The Art of Balance

I looked like Lucille Ball in an episode of I Love Lucy the first time I tried to lie down in a family size Mexican hammock. It was suspended from grommets attached to the wall, hanging freely in a long, generous, hand-woven loop of color suspended over the tile floor of Molly’s patio. I put one tentative knee into the middle of the fabric and tried to steady myself before lifting my other foot off the ground; the hammock tipped like a canoe on a rough sea. I repositioned myself and tried again. It was a battle between me and the fabric until, on the third try, I was able to maneuver myself into position and steady the ship to a nice gentle rocking motion, feeling victorious, and stretched out comfortably.

Mayans never have such awkwardness. They grow up wrapped in the embrace of their family’s hammock. In a Mayan home, the hammock dominates, hanging diagonally across their one-room hut. At night, five people climb into one hammock and sleep as smoothly and naturally as breathing. During the day, the hammock becomes a place to rest, or to sit and talk, like sharing a living room couch. The hammock may have been handed down from the older generation and given as a wedding gift, and the purchase of a new hammock is as important as buying a new car is for families in the U.S. Traditionally, hammocks were made of hemp from the henequen, or sisal plant and were made in Merida, the colonial capital and largest city of the Yucatan Peninsula. Nowadays, though, nylon has replaced hemp in making hammocks. It is stronger, more durable and cheaper to produce. But I prefer the traditional kind and bought one for each of the three balconies in my house.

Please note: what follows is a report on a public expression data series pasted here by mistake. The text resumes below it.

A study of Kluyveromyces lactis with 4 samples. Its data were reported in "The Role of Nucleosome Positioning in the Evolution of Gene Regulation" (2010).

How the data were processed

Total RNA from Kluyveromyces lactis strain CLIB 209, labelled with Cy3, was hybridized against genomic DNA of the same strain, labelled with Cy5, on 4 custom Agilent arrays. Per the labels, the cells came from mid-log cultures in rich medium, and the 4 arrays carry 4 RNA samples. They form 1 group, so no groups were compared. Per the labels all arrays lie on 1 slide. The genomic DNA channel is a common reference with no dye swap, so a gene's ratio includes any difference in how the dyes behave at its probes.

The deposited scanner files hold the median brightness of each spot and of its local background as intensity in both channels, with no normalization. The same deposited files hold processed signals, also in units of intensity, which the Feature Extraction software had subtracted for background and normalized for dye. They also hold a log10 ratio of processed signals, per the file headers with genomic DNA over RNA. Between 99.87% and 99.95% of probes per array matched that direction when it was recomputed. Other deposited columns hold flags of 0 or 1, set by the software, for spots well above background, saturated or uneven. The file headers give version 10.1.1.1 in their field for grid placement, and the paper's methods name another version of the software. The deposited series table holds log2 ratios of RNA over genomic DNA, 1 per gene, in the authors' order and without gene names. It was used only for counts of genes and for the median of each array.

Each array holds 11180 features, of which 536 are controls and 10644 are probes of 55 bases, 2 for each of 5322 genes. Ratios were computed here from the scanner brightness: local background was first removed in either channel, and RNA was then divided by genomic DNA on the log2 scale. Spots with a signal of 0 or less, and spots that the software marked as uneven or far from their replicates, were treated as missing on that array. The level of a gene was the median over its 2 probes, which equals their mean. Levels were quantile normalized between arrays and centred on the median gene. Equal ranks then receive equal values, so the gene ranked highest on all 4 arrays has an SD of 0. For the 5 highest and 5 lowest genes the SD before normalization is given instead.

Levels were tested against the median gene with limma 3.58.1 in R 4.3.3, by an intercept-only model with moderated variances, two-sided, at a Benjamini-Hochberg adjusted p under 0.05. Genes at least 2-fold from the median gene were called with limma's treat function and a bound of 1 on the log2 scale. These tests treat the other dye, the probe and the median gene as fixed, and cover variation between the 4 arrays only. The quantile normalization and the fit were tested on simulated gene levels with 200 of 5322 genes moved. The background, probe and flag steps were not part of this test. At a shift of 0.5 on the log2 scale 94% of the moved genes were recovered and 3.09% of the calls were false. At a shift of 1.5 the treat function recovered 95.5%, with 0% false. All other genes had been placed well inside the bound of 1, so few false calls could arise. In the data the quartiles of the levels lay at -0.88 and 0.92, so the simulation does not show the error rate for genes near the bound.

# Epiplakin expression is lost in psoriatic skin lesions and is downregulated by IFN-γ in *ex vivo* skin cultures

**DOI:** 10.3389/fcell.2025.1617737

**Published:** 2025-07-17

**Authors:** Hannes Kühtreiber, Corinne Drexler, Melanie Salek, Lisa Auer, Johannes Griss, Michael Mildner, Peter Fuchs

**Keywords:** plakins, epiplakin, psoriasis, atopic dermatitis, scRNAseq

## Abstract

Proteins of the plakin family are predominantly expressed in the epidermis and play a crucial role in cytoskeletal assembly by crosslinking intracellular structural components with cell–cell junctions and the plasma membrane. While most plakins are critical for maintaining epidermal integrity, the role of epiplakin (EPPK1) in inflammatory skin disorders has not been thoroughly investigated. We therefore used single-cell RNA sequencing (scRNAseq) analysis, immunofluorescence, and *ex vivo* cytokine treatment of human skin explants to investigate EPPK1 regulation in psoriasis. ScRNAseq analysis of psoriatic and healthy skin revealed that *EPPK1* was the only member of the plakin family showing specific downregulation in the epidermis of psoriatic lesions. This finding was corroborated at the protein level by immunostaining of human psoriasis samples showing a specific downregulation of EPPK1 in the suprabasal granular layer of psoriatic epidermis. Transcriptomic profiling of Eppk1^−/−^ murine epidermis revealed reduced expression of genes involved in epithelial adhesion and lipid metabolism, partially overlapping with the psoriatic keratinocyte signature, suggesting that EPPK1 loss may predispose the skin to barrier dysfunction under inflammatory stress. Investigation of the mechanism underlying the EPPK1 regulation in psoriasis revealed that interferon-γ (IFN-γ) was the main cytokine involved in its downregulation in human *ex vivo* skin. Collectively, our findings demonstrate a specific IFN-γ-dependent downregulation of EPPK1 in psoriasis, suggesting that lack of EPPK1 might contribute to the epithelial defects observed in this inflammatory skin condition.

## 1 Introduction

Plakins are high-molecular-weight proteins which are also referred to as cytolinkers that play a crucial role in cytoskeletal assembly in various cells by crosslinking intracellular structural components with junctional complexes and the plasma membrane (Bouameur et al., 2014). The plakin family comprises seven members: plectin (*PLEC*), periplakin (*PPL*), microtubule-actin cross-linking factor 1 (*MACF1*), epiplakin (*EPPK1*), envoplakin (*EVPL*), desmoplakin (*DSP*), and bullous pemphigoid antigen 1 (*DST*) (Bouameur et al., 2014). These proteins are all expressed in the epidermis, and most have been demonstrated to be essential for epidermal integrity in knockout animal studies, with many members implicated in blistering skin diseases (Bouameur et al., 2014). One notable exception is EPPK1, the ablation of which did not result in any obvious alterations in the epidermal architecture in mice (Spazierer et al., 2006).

I was fascinated with the idea of balance in Mexican culture. Art and love of family are woven into the fabric of life and make survival possible. One day as I was driving toward Puerto Morelos, I passed a Mayan family of five riding down the highway on one battered old bicycle. I could hardly believe what I was seeing. The father stood as he peddled, with his wife perched behind him with a baby strapped to her back. A young daughter rode in front on the handle-bars and a teen-aged son stood behind the mother on wooden blocks attached to the bike’s rear wheel. It was incredible, and I have never gotten that image out of my mind of that rickety bicycle carrying the family of five down the highway with cars whizzing by. The family did not look afraid; they were used to this.

The closeness of the family in Mexico is as essential to its individuals as food and air. The family remains one unit, bound together at every stage. Especially for the poor, when there is so little to share, parents teach their children fierce loyalty to the family above all else, and a lifelong sense of responsibility to those within it. In the U.S. we stress independence instead. In the process we often lose the deep connection that makes life beautiful and gives it meaning. The Mexicans understand and feel this in their bones, in the graceful sway of the hammock as it rocks them all to sleep.